Turkey’s Crackdown on Press, Free Expression Mark “Grave Moment”
PEN America condemns latest actions in the wake of Turkey's withdrawal from the Istanbul Convention on combating violence against women
FOR IMMEDIATE RELEASE
(New York, NY) — PEN America condemns Turkey’s latest attacks on journalists, as well as the broader crackdown on freedom of expression in the country over the past week. After the sudden, eleventh-hour decision by President Recep Tayyip Erdogan’s AKP-led government to withdraw Turkey from the Istanbul Convention, the international agreement to combat violence against women, protests erupted across Turkey. According to witnesses, journalists at several of these protests were assaulted by police and told to “stop filming.”
Last weekend’s protests, which drew tens of thousands of people, came after a week of repeated attacks on freedom of expression. On March 17, Turkey’s top prosecutor submitted legislation that would close the pro-Kurdish People’s Democratic Party (HDP) over allegations of links to the Kurdistan Workers’ Party (PKK), which the Turkish government considers a terrorist organization. Further, they stripped one of the HDP’s most vociferous lawmakers, Faruk Gergerlioglu, of his MP status for sharing a news article on Twitter in 2016 about the Kurdish conflict and the collapse of the peace process. Gergerlioglu was accused of “spreading terrorist propaganda,” and was later detained after spending four days in the parliament building to protest the government’s efforts to remove him.
“Taken together, the events of the last week mark a grave moment for freedom of expression in Turkey, already under enormous pressure since the attempted coup of 2016. Attacks on journalists like Ceren Kaynak Iskit, as well as the silencing of opposition lawmakers like Faruk Gergerlioglu, indicate a deeply troubling trend in the country, said Karin Deutsch Karlekar, director of PEN America’s free expression at risk programs. “When considered alongside Turkey’s deteriorating human rights record—which includes the continued detention of writers and public intellectuals like Osman Kavala, Selahattin Demirtas, and Ahmet Altan—this further confirms that Turkey is now one of the most challenging places to attempt to practice free speech or journalism in the world. We call on the Turkish authorities to allow journalists to do their job of covering important events, and to stop prosecuting peaceful expression and advocacy.”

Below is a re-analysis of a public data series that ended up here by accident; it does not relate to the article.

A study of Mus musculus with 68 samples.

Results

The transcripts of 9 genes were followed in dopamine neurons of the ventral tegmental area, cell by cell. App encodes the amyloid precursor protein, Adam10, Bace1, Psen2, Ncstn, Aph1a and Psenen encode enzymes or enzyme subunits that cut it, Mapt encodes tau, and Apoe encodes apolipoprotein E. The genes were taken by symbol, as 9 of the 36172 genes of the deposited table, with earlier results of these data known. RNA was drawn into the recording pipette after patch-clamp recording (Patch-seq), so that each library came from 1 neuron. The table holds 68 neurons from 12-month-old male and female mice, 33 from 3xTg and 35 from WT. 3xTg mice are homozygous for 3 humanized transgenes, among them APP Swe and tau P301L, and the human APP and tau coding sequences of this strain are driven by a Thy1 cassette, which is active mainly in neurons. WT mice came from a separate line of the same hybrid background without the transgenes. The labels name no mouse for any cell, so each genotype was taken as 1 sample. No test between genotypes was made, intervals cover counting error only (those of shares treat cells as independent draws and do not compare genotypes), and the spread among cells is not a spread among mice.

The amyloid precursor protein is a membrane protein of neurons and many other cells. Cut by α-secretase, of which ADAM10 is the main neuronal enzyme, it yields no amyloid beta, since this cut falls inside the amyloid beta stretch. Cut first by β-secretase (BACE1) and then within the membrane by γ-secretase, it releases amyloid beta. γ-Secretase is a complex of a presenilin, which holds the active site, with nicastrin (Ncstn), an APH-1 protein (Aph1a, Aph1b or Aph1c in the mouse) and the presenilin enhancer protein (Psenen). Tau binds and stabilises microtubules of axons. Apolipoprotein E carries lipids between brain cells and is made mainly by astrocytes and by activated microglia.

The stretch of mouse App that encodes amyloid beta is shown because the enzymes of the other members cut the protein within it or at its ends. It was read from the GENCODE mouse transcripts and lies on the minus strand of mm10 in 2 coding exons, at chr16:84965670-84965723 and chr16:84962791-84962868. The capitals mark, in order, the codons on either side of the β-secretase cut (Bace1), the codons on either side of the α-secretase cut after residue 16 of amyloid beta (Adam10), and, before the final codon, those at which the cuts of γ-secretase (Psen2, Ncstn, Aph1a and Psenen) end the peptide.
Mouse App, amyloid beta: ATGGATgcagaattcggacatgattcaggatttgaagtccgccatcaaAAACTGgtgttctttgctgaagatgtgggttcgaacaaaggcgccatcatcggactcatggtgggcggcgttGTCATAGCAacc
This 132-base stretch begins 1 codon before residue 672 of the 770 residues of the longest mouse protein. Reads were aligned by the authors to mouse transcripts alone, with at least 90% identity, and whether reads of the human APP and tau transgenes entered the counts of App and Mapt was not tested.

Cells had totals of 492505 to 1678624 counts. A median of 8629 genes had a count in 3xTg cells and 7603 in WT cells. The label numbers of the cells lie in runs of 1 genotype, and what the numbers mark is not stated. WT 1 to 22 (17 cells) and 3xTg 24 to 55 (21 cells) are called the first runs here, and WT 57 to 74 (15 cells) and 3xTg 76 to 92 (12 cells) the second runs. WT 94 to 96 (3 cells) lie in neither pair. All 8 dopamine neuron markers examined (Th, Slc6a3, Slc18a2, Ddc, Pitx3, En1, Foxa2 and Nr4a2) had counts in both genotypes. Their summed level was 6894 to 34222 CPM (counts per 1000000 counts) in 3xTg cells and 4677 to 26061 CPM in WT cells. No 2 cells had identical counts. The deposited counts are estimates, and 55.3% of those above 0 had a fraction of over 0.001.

“The events of the last week dealt a major blow to Turkish democracy and human rights. The government’s attempt to outlaw a popular opposition party, and President Erdogan’s unilateral withdrawal of Turkey from a major international treaty like the Istanbul Convention, mark unprecedented assaults with devastating implications for inclusive governance and the rule of law,” said Merve Tahiroglu, Turkey program coordinator at the Project on Middle East Democracy. “And without the freedom of expression, few people in Turkey can effectively oppose or stop such destructive moves. Erdogan must immediately reverse these steps, and Turkey’s democratic allies like the U.S. should pressure him to do so.”
The withdrawal from the Istanbul Convention and the targeting of the HDP have both been widely condemned by international organizations and governments alike, including the U.S. under the Biden administration. EU leaders have also expressed grave concern.
Following the July 2016 coup attempt and the imposition of a state of emergency by the current government, freedom of expression has come under severe pressure in Turkey. According to PEN America’s inaugural Freedom to Write Index, Turkey ranked as the world’s third highest jailer of writers and intellectuals, with at least 30 cases of detainment or imprisonment of writers during 2019. PEN America has campaigned on behalf of a number of Turkish writers incarcerated or otherwise facing restrictions on their freedom of expression or movement, including the Altan brothers, Ahmet Sik, and Zehra Doğan.